From the use of leeches to bleed out diseases to lobotomies for psychiatric treatment, the types of medical treatment used to treat patients are always evolving. For the most part, the changes implemented by medical professionals are beneficial to patients.

Scientists throughout the country are currently attempting to find better ways to treat traumatic brain injuries (TBIs). In the last decade, we have become more aware of the dangers associated with these injuries. As such, various groups have gotten together to push for more research, better treatment and reduced risk of these injuries.

Better treatment may be on the horizon. A recent study is taking a novel look at the cells that are often damaged in a TBI. The data from the study could change how we treat the injury - for the better.

More on the study: Scientific terminology translated to laymen's terms

A group of scientists at Brown University used neurons, or brain cells, grown on a dish to study how these cells are damaged when injured. Once "injured", the cells were studied by the scientists. The way the scientists were able to study the cells was unique because they were watching the cells in three dimensions. Previous studies generally focus on the analysis of two dimensional images.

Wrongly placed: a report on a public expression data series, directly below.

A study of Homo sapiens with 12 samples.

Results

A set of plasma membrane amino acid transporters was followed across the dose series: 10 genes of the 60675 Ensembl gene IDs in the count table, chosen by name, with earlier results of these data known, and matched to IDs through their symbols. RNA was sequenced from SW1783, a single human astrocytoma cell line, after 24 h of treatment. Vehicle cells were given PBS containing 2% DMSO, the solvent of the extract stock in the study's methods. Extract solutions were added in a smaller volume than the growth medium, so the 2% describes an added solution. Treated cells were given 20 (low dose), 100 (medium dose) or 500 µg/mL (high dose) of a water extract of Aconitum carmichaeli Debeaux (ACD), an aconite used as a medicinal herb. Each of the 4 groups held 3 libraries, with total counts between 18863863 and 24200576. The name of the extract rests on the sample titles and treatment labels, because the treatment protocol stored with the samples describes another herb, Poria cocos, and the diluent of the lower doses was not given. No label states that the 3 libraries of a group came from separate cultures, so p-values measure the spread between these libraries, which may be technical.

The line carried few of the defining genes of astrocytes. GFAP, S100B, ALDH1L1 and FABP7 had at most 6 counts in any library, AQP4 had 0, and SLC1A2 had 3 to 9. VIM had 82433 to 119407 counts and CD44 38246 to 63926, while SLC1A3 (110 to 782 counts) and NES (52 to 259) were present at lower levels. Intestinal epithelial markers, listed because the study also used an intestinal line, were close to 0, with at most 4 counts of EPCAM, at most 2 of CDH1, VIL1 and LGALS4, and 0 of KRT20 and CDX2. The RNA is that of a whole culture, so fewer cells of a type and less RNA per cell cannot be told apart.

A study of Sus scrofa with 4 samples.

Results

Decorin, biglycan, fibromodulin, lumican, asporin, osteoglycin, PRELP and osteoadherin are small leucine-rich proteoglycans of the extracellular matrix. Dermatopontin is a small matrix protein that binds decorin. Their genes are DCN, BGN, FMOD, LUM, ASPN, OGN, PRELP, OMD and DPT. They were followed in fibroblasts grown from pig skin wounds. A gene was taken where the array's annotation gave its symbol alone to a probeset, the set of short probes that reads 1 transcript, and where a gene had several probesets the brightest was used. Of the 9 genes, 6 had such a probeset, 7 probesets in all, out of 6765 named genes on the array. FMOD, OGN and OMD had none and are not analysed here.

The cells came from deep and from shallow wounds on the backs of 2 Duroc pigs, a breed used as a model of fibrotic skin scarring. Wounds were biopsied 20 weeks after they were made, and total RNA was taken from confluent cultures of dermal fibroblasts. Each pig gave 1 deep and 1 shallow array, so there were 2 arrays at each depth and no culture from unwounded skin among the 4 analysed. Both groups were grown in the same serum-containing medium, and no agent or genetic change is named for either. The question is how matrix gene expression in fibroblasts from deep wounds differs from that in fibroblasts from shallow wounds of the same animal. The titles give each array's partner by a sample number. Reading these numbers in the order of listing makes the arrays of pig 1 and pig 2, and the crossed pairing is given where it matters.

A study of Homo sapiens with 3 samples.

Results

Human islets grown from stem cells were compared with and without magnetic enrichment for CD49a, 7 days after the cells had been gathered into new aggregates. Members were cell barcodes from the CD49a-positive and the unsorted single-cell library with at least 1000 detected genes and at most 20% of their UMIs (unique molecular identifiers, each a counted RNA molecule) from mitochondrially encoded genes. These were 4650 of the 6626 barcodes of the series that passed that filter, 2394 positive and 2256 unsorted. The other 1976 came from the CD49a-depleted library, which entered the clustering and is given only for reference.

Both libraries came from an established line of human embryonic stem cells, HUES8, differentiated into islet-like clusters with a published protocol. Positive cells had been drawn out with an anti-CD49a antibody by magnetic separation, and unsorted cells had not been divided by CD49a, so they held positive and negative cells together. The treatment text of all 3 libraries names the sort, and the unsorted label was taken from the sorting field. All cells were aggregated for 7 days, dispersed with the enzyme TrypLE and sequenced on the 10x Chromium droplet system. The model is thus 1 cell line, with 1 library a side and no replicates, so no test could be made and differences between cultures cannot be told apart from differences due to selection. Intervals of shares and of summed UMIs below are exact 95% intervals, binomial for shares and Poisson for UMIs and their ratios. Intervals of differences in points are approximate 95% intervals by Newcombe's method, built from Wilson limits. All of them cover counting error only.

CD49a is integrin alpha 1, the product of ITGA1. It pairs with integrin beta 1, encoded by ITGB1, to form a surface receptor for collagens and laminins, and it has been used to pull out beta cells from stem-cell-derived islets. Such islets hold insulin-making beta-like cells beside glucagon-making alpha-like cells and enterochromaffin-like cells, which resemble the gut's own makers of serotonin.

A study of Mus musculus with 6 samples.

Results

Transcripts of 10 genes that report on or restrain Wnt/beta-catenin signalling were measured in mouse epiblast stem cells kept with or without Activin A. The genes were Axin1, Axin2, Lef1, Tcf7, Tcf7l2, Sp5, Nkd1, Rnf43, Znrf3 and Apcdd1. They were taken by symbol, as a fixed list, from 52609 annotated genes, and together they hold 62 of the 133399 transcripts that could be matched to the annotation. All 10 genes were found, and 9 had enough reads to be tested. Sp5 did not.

Impact of the study: Information gathered by the scientists

So far, scientists with the study have found that the cells they are studying take a reported six hours to show irreparable damage. What does this mean? There may be a six hour window after an injury where treatment could minimize any permanent damage to the victim.

Scientists are careful to note that the results are not exactly the same as those experienced in the human brain since it offers a view into individual cells. The brain is a complex network of multiple cells. However, the data collected from the study will still be able to offer scientists information on treatment options that may reduce the risk of long term effects due to a TBI.